USPS Proposes Lower Service Standards for First Class, Periodicals, and Standard mail.
The USPS filed a proposal on September 21 in a Federal Register Notice to revise their Service Standards for First-Class Mail, Periodicals, and Standard Mail. And they want your feedback on the plan!
Essentially, the Postal Service wants to eliminate overnight service for First Class and Periodical mail, reduce the area covered by 2-day delivery, and increase the area for 3-day. Further, the adjusted service standards are only part of a wider initiative to try and optimize the USPS’s facility network. Another key element will be the closure of a significant number of mail handling facilities. (This is beyond and separate from any Post Office closures; these are the USPS facilities that actually process and handle the mail before it reaches your local office.) Closing facilities, especially Area Distribution Centers (ADCs), will result in increased handling times for Standard Mail, and potentially other mail products.
So, how critical is this to your business? While your initially response might be, “Frakking USPS- lowering service standards, increasing my rates, closing facilities all over- what are they doing?!?,” you may want to take a step back and look at the whole proposal and plan first before responding in haste. The USPS is in dire straits right now, and unless significant changes occur in the laws and how they operate- the USPS will quickly become insolvent. The Service Standard revisions coupled with network optimization (and other initiatives like 5-day delivery and funding changes for retirees) are all designed to try and save the USPS about $19 billion over the next few years. And the service standard changes and facility consolidations may actually lead to much more consistent, accurate, and precise mailing delivery dates from the USPS. Unless you rely critical on next-day delivery of First Class mail, these service standard and network optimization changes could actually make life easier (and possibly cheaper) for you and your customers. And the Postal Service noted, “some commercial mailers could effectively maintain same-day processing and overnight delivery by restructuring their production cycles to align with the changed critical entry times.”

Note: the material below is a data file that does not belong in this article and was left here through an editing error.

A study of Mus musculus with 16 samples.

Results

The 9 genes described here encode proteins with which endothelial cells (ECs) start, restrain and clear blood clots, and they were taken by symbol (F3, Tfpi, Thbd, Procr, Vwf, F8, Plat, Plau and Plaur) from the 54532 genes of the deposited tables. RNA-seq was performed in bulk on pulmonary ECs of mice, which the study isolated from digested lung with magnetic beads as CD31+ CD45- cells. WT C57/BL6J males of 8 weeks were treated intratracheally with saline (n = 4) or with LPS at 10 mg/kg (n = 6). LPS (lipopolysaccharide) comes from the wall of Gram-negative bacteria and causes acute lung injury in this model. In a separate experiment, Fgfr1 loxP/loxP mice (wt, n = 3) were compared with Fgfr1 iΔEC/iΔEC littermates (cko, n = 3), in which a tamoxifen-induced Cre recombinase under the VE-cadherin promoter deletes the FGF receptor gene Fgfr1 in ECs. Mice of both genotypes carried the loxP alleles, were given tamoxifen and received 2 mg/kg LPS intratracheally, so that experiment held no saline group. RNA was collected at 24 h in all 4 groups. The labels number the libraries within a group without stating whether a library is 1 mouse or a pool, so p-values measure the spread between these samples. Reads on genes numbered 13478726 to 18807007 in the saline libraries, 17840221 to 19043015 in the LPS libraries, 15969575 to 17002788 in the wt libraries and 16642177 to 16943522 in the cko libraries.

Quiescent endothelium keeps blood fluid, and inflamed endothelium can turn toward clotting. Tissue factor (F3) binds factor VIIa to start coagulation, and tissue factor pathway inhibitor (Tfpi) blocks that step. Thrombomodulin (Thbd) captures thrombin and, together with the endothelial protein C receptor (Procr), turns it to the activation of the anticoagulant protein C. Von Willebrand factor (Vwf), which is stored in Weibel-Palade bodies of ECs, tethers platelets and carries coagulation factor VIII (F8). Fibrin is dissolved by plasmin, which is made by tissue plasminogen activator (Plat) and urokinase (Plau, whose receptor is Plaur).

Now granted, this will be a nightmare initially, especially for drop-shippers and logistic providers (not to mention the poor truck drivers that could get stuck at overloaded facilities for 36+ hours), but the service standard changes coupled with a smaller optimized mail handling network could: save the USPS significant money, result in fuller containers and trucks possibly reducing costs to mailers, and lead to more consistent timely expectations of in-home dates.
And remember, the USPS requested your feedback on this proposal- so speak up- either for it or against it. If you are active in any mailing organizations like, AMEE, DMA, IDEAlliance, PostCom, MMA, etc – check with them and push for a single consolidated message from your segment. Otherwise, you can send your comments in directly to the USPS:
Written comments should be mailed to Manager, Industry Engagement and Outreach, United States Postal Service, 475 L’Enfant Plaza, SW., Room 4617, Washington, DC 20260.
Comments also may be transmitted via e-mail to email@example.com.